It’s a common theme around the world. Family members who live in different households are forced to stay apart due to the COVID-19 pandemic.
In a way, it’s a language of love of its own, to willingly distance one’s self from loved ones in the name of safety. But knowing it is for a good cause does not necessarily make it easy.
Egypt-based Filipino Artist Sandi Staley knows this predicament all too well. While she and her own little family are tucked away safely in Cairo, she yearns to touch base with other relatives who are located in the Philippines and other parts of the world.
“Normally we would travel throughout summer to see both sides of the family but we just don’t have that opportunity yet. It makes me a bit sad, like our youngest, Ellie, who was born at the start of the pandemic, she has literally not met anyone outside our immediate family.”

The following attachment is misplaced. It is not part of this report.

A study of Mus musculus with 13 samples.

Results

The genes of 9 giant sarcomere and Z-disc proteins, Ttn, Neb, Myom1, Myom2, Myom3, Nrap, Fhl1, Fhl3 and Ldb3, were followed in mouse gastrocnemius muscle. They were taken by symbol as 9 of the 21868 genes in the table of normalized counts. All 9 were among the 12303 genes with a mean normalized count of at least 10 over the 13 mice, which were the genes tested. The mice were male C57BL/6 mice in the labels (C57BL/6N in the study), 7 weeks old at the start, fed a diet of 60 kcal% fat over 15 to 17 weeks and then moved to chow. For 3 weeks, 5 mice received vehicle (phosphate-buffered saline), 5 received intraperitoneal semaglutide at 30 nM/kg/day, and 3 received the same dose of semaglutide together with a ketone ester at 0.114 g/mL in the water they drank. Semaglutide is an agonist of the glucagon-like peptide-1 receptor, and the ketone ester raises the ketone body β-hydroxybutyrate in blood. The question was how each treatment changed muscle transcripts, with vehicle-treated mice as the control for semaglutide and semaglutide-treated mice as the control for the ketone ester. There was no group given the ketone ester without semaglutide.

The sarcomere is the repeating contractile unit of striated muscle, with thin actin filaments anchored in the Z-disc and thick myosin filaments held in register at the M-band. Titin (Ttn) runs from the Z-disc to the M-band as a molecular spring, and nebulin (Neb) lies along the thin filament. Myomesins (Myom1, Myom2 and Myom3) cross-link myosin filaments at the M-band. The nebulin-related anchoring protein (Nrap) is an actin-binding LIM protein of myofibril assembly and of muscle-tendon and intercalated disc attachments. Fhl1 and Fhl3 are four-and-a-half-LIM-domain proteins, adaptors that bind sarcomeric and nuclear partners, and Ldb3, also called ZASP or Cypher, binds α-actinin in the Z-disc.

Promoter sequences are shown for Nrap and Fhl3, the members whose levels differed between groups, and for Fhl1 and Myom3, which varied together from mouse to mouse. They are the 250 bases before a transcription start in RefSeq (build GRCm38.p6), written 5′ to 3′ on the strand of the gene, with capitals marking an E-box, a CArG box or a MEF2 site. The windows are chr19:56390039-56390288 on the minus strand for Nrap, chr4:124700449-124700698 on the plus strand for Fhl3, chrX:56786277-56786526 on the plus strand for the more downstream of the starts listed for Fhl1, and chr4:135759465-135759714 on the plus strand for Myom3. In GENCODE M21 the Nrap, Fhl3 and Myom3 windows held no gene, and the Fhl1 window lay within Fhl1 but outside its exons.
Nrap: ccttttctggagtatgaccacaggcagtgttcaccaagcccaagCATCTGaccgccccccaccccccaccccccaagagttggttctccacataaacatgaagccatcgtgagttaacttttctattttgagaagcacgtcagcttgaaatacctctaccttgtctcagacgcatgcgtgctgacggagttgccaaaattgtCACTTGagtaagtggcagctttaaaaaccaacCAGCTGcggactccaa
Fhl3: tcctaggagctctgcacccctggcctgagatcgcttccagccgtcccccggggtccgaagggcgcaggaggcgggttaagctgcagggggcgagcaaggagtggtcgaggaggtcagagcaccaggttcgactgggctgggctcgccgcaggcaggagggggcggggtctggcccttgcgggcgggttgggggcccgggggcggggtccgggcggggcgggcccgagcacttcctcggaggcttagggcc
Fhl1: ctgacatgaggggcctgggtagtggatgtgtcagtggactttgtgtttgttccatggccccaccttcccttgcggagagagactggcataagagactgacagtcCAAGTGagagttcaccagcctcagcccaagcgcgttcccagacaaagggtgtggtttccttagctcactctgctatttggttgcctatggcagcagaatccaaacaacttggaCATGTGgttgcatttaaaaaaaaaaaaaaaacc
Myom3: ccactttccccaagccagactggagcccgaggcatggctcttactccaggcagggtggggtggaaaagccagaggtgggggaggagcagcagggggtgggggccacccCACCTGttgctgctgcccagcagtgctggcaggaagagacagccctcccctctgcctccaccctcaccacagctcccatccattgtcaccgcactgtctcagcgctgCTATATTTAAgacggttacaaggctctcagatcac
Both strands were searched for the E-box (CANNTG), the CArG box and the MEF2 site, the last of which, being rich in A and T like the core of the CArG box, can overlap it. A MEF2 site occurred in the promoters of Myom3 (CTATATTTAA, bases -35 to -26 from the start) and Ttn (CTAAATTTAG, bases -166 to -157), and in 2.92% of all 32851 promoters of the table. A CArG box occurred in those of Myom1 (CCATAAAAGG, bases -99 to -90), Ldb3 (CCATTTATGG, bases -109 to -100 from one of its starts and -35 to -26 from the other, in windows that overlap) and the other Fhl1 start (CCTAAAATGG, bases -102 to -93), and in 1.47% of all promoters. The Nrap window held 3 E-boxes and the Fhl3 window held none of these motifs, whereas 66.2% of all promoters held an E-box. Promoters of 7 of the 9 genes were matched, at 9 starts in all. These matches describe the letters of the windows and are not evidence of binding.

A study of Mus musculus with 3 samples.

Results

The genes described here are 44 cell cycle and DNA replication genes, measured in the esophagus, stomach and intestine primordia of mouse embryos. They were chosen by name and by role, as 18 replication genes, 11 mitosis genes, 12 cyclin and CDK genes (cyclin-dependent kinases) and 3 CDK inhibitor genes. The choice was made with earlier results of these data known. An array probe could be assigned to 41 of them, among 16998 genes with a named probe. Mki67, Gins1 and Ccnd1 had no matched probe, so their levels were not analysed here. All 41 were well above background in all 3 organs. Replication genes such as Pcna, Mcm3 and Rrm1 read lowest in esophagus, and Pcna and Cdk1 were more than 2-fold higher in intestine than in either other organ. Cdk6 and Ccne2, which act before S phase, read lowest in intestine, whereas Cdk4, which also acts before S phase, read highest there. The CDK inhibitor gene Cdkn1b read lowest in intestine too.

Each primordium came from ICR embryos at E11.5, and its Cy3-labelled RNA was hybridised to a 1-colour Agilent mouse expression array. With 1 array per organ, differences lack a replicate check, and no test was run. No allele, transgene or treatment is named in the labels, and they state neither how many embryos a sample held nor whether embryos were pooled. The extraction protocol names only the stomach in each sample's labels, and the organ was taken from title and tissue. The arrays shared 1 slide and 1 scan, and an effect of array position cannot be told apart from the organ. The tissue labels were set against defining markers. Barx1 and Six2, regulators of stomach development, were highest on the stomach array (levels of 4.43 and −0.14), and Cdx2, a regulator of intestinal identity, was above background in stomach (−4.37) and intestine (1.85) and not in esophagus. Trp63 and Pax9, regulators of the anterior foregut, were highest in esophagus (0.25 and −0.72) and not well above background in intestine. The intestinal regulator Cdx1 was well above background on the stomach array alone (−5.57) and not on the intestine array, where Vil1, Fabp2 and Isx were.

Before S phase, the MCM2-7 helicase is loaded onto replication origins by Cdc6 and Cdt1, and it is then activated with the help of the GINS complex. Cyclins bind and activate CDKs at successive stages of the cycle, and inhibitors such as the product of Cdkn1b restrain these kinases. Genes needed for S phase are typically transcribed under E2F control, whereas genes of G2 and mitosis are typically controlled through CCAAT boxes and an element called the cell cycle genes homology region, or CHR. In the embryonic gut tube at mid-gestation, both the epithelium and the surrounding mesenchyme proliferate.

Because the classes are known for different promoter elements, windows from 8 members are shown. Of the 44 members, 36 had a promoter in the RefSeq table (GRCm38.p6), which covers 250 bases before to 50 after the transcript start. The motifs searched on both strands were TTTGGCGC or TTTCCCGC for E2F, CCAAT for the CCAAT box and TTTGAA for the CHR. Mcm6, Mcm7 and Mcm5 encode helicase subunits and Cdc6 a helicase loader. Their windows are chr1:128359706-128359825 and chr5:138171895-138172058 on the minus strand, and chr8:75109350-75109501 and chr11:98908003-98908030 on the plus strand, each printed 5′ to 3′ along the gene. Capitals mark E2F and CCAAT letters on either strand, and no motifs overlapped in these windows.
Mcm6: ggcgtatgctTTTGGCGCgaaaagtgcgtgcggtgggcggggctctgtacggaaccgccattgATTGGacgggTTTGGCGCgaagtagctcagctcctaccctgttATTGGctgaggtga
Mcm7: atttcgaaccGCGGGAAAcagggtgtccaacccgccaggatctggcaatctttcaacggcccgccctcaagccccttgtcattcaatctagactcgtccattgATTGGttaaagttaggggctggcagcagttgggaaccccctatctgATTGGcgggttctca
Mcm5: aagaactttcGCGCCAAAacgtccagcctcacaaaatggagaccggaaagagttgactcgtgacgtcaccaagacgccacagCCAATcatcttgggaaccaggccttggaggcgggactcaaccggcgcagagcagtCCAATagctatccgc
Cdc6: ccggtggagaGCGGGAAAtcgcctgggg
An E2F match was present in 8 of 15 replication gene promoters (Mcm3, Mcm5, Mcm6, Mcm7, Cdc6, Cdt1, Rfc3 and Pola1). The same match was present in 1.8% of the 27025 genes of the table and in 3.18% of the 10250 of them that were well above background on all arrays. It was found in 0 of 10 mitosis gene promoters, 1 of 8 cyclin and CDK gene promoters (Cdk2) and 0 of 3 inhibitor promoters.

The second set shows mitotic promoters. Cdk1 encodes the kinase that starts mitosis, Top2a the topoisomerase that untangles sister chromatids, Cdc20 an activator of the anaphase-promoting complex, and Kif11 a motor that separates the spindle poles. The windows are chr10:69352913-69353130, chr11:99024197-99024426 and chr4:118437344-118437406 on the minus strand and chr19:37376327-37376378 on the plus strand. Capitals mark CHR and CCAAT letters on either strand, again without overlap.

To cope, Sandi took to art and sketched up images of family reunions. “The process was also very therapeutic (for me). It is a good way to sort of create a memory that we yearn for and look forward to.”
“Of course, family portraits can be recreated now through Photoshop,” Sandi admits. But the 37-year-old cartoonist explains that doing it by hand gives it a special touch, allowing her also the freedom to insert cute elements and details.
She adds, the art pieces can also transcend not just borders but time too, like for family members who had already passed on. It’s a reminder that “our loved ones, although not physically present, are always there with us.”
As COVID-19 cases continue to climb worldwide, the pandemic highlights the crucial role of each family as the basic unit of society in fighting the current conditions and mitigating the risks.
Staying put and keeping one another safe seems to still be the prevailing sentiment. But Sandi hopes her art could help touch other people’s lives, and make them feel like “we are kind of together, even though we are apart.”